Yep, Harvard Really Does Have a Book Bound in Human Skin

Illustration for article titled Yep, Harvard Really Does Have a Book Bound in Human Skin

This past April brought disappointing (but relieving?) news that a book long suspected to be bound in human skin in Harvard's library was, in fact, bound in sheepskin. Nothing here, move along, right? But no! Now Harvard has confirmed, for the first time ever, one of its other books is indeed sheathed in human skin.

The book in question is Arsène Houssaye's Des destinées de l'ame, described appropriately enough as a "mediation on the soul life and after death," The 19th century volume is believed to have been bound in the skin of a female mental patient by its owner, a Dr. Ludovic Bouland. Bouland inserted a manuscript in the book with this morbidly fascinating note, translated from the French:

This book is bound in human skin parchment on which no ornament has been stamped to preserve its elegance. By looking carefully you easily distinguish the pores of the skin. A book about the human soul deserved to have a human covering: I had kept this piece of human skin taken from the back of a woman. It is interesting to see the different aspects that change this skin according to the method of preparation to which it is subjected. Compare for example with the small volume I have in my library, Sever. Pinaeus de Virginitatis notiswhich is also bound in human skin but tanned with sumac.


While the origin story of this human skin-bound book seems particularly wrong to our modern sensibility, the practice of "anthropodermic bibliopegy" encompassed many realms. "The confessions of criminals were occasionally bound in the skin of the convicted, or an individual might request to be memorialized for family or lovers in the form of a book," wrote Heather Cole, a librarian at Harvard.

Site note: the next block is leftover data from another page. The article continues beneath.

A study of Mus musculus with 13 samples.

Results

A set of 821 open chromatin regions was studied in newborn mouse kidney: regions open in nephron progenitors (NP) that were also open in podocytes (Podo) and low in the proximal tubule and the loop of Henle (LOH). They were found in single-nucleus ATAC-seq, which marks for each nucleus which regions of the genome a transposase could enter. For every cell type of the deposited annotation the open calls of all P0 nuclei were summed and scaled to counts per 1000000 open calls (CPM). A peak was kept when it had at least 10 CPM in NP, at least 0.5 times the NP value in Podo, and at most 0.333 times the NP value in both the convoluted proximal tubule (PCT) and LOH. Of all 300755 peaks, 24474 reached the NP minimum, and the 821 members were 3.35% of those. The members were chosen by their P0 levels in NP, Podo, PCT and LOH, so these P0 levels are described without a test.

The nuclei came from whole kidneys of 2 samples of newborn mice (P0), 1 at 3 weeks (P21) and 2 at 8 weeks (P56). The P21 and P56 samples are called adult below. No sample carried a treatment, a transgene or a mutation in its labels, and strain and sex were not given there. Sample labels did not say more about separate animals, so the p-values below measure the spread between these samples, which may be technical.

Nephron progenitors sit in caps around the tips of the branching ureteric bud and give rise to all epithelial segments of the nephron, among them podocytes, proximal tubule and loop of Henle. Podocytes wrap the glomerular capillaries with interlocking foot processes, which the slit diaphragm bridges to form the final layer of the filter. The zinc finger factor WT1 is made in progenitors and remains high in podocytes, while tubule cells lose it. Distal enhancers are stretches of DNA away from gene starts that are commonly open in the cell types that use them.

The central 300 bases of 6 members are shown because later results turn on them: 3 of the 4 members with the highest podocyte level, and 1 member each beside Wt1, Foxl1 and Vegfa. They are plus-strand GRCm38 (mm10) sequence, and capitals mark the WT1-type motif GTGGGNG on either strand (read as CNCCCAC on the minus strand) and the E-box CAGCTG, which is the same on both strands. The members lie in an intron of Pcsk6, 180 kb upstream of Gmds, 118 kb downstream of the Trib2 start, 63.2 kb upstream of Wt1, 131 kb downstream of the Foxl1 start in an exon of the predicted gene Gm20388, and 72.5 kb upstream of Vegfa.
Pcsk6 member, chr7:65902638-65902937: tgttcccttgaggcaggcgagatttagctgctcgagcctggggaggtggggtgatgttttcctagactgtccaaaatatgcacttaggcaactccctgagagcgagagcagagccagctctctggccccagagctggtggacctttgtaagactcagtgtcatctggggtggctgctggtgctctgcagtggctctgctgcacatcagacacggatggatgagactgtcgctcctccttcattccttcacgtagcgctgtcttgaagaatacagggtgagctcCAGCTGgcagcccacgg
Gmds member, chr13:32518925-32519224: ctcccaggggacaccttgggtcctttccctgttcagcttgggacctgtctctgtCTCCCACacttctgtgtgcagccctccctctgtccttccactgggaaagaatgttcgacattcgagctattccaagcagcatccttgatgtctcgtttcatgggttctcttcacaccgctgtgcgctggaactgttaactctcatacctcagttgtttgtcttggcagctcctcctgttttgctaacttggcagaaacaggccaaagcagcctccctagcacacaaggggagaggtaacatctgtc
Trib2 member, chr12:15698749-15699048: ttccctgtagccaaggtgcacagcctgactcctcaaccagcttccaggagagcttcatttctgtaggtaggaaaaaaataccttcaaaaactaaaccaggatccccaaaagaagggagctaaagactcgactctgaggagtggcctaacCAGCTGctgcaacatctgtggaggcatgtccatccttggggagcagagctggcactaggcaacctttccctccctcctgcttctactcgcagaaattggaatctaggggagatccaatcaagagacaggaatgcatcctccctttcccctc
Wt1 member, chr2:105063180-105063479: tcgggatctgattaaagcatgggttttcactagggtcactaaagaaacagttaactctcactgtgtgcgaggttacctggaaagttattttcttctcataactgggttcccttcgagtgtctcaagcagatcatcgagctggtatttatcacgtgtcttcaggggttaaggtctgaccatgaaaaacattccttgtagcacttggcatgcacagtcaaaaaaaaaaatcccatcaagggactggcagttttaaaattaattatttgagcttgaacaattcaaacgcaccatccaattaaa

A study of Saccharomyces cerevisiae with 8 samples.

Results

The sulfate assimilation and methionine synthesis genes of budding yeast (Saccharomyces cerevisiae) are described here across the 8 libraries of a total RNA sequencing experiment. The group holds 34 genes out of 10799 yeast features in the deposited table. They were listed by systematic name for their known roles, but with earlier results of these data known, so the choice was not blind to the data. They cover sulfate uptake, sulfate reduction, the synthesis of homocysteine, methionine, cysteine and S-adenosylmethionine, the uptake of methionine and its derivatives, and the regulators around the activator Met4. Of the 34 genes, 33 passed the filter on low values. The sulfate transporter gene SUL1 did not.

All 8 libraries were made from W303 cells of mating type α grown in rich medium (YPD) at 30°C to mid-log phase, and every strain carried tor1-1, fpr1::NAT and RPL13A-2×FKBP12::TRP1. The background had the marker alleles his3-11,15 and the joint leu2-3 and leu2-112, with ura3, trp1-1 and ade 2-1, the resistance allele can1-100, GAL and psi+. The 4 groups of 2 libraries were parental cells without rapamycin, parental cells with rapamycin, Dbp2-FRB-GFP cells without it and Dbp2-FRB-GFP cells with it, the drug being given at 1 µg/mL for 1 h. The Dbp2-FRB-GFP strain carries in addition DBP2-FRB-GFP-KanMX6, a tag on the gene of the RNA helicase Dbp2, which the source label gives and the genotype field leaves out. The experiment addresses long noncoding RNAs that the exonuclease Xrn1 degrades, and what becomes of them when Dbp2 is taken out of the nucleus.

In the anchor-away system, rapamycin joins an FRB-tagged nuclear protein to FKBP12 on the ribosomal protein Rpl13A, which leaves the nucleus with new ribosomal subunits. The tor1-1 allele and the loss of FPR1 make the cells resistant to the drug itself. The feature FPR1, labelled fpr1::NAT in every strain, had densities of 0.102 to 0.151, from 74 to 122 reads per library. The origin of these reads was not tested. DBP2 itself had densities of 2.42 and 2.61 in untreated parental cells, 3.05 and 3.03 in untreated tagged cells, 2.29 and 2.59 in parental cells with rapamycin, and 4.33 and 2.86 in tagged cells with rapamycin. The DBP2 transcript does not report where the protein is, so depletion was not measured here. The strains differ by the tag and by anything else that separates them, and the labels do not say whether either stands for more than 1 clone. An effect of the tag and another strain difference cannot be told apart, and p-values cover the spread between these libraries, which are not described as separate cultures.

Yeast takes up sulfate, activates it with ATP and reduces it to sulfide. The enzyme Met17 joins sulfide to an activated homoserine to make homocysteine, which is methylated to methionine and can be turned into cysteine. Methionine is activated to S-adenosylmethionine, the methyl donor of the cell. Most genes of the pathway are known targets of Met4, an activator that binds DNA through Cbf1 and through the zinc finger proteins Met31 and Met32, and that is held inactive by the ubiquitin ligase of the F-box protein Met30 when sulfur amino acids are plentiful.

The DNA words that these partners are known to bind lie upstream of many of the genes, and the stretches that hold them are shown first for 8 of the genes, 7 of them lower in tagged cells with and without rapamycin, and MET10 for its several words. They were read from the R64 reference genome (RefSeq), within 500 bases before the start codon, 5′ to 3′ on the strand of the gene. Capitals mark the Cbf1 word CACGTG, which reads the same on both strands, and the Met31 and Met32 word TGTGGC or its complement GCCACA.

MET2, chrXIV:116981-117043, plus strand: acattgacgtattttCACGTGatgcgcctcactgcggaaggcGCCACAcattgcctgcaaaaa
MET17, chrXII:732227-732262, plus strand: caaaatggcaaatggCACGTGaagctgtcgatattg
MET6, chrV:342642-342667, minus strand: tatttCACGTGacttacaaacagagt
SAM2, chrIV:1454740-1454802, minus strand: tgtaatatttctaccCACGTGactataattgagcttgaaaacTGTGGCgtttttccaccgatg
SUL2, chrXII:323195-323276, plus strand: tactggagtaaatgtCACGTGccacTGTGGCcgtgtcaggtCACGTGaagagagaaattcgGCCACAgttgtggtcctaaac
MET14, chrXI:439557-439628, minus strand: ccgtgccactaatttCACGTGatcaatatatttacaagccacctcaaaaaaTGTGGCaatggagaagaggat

Bouland's note aside, it was not easy to prove that his claims. The librarians at Harvard finally put it to modern science. First, they used a technique called "mass peptide fingerprinting" to identify proteins in the skin, which ruled out possible animal origins like goat, sheep, or cow. But it couldn't quite distinguish human from our closer relatives such as great apes and baboons. They had to narrow it down through Liquid Chromatography-Tandem Mass Spectrometry (LCMSMS), which allows scientists to determine the order of molecules that make up the proteins. The result? Almost certinaly human.

I have actually seen this book in person, and it's been haunting me since freshman year of college. Like many of us around campus, I knew of the human skin books—it was a tidbit often traded at parties and a 2006 Harvard Crimson article seems to still regularly make the internet rounds. But what I didn't expect when I peered up close was how utterly ordinary it looked, indistinguishable from the hundreds of other animalhide-bound book in the room.

Sheep, pig, human—our skin looks pretty much the same tanned and aged. This is, after all, why it took so long for human skin to be confirmed. Perhaps even creepier than knowing a book may be bound in human skin is not knowing, to have touched a dead man's skin and not even known it. [Houghton Library Blog]

Illustration for article titled Yep, Harvard Really Does Have a Book Bound in Human Skin

The cover of the book bound in human skin. (See, looks totally uninteresting, right?) Credit: Harvard University Library



(and having treated burns, I'm not aware that grafting from one human to another ever works. It always sloughs and is rejected as foreign, like all transplants, and immunosuppression would be a no-no without skin. Only an autologous graft (graft from another area of the patient's own undamaged skin) ever works. Sometimes xenografts (i.e., animal skin) can be used for temporary coverage, they slough as well but are far cheaper and easier to obtain than trying to get donor human skin.)

Has anyone every considered the patient buying/selling the excess skin from an abdominoplasty to make "human leather", and thus finance the procedure? I'm sure there are plenty of unusual characters with money who would be willing to buy such tissue. I personally find it more than a little on the bizarre side, but ultimately don't see what would be wrong with it. It belongs to the patient, after all. (BTW, I had a man request once to have his gangrenous, amputated toe to "taxidermy" and use as a keychain. I just outright said NO to that one, that's too disgusting even for a surgeon.)